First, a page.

Jewish settlement in the town dates back to the 15th century. Jews came here when the Ciołek family still owned the Żelechów estate. Subsequent settlers concluded contracts with the landowners and paid for leave to take up residence in the area. They also had to pay the local parish priests. Nevertheless, the Jewish population increased steadily. The first synagogue was built in the 17th century. And the 18th century saw the establishment of the first Jewish organizations, including the Association for Recitation of the Psalms and the Union of Jewish Tailors. The Hasidic movement was very influential in the town. In the late 18th century, Jews made up about 70% of the total population of Żelechów. They engaged mainly in trade, craft, leasing, inn-keeping and transport.

In the 19th century, Jews of Żelechów had not only a wooden synagogue but also a mikveh, hospital, school and cemetery. Their population grew significantly. At the time, they opened several industrial plants: a confectionary, joinery, brewery, distillery and carbonated water bottling plant. Most Jews lived in the city centre. By the end of the century, a brick synagogue stood there, and Żelechów was known as a Jewish town.

In the interwar period, in the 1930s specifically, Jews made up one-third of the town council. Jewish political life thrived. The local Jews increasingly engaged in cattle slaughter and trade. A printing house owned by M. Goldberg was established in the town. Żelechów, however, did not avoid the intensifying anti-Semitic campaign.

During the Second World War, in September 1939, Żelechów was occupied by the Germans, who burnt the synagogue the same month. Following negotiations with the Russians, they left the town in October 1939 for a few days. Polish gangs looted Jewish houses during their absence.

In November 1939, the Germans started to deport Jews from Uchacz, Sobolew, Kalisz, Lusławice and others to Żelechów. About 13,000 displaced Jews ended up in the town. Groups of young Jews were transported to various forced labour camps.

In October 1940, the Germans established an “open” ghetto in Żelechów. It was closed down in October 1941 and liquidated in September 1942. About 300 Jews were shot on the spot, while all the others were transported to the German Nazi extermination camp Treblinka II. Polish guerrilla units and a Jewish unit under the command of Szmuel Olszak fought near Żelechów[1.1].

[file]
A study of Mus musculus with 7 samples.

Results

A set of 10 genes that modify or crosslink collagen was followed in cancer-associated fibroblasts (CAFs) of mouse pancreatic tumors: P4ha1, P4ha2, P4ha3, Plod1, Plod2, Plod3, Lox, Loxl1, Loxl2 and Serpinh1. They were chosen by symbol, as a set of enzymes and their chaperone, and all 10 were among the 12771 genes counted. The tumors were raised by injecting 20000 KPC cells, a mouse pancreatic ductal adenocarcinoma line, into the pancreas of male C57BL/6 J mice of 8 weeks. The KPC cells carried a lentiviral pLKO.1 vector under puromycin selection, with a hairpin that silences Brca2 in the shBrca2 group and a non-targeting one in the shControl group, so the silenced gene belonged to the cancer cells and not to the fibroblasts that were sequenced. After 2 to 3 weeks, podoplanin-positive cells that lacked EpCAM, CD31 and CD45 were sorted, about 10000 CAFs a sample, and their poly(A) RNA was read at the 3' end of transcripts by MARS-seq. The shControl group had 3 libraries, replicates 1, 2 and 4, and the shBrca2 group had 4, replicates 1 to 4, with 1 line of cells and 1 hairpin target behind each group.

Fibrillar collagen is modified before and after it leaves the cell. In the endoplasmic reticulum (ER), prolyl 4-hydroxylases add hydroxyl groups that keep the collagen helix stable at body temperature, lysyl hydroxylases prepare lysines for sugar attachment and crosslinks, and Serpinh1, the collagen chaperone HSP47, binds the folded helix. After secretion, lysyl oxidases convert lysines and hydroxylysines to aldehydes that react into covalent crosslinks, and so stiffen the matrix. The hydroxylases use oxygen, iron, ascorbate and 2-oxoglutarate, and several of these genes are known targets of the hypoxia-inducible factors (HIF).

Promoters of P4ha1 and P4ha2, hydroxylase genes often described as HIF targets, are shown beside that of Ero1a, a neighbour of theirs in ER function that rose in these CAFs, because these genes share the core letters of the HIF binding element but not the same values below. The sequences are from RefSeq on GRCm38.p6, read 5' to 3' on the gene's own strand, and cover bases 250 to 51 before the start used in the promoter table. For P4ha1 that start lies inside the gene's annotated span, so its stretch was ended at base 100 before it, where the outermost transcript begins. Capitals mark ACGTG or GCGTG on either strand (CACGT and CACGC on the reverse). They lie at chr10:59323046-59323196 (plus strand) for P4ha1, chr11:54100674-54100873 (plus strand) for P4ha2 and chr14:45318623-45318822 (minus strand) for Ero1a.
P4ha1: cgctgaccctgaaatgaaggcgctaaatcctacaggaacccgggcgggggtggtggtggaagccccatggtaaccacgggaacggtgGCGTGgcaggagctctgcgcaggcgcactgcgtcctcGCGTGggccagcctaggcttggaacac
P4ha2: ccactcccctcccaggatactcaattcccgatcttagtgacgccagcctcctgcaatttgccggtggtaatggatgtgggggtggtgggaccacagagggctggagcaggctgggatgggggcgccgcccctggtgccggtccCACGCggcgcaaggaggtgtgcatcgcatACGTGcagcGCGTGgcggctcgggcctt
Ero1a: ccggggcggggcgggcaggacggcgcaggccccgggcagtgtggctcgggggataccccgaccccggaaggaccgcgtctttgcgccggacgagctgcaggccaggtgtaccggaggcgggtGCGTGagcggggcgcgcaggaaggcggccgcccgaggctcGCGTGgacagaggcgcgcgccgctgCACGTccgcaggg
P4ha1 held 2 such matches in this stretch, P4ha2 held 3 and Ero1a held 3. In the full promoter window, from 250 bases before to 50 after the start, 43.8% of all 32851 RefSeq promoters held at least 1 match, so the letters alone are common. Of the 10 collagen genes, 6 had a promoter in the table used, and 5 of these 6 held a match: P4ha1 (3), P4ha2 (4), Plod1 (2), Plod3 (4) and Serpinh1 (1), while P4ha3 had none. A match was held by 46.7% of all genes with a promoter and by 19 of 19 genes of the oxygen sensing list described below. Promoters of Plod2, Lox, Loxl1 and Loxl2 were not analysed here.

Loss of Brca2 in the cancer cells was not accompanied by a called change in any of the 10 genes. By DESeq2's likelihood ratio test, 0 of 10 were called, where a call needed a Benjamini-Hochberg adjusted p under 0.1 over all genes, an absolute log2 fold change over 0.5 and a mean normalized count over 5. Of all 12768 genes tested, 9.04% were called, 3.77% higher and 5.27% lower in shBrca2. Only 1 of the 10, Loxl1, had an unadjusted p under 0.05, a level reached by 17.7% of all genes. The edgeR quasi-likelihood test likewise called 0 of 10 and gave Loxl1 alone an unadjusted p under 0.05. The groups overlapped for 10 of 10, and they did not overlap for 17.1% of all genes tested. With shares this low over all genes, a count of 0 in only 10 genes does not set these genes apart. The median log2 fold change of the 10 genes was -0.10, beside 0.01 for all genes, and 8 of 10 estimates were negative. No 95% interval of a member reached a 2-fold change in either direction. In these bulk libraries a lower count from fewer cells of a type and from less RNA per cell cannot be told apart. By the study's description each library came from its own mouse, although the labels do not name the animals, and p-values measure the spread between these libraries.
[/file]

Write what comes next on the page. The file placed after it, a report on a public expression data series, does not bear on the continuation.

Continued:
After the war, the few Jews who had survived the Holocaust began to arrive in Żelechów. A Jewish committee was established with Moszek Boruchowicz, Szmul Hochgelerter, Chwil Lewinson, Srul Najsteter, Lejb Perel, Majlech Rosenberg, Syma Zysman and Motek Solnicki on the management board. In December 1944, it had 132 registered members. The committee initiated the exhumation of Jews murdered nearby Żelechów. Their bodies were moved to the Jewish cemetery at Reymonta Street. In the following years, a majority of Jews emigrated from Żelechów. In 1952, in a letter to the Jewish Historical Institute, the Presidium of the Municipal National Council stated that:

“120 people returned to Żelechów in 1944. After the Soviet Army had withdrawn, all of them left the town in the face of persecution suffered at the hands of forest gangs, and there are currently no Jews in Żelechów” [1.2].


  • W. Yasni (ed.), Izkor-buch fun der żelenower jidiszer kehile / Sefer Izkor le-Kehilat Żelechow, Chicago (1953).
  • G. Szymczak G., “Historia ludności Żydowskiej w Żelechowie”, Zeszyty Wiejskie, (2009), vol. 14, pp. 198–237.



  • [1.1] G. Szymczak, “Historia ludności Żydowskiej w Żelechowie”, Zeszyty Wiejskie (2009), vol. 14, pp. 198–237.
  • [1.2] Qouted in A. Skibińska, “Powroty ocalałych”, in: B. Engelking, J. Leociak, D. Libionki, (eds.), Prowincja noc. Życie i zagłada Żydów w dystrykcie warszawskim, Warszawa (2007), pp. 577–578.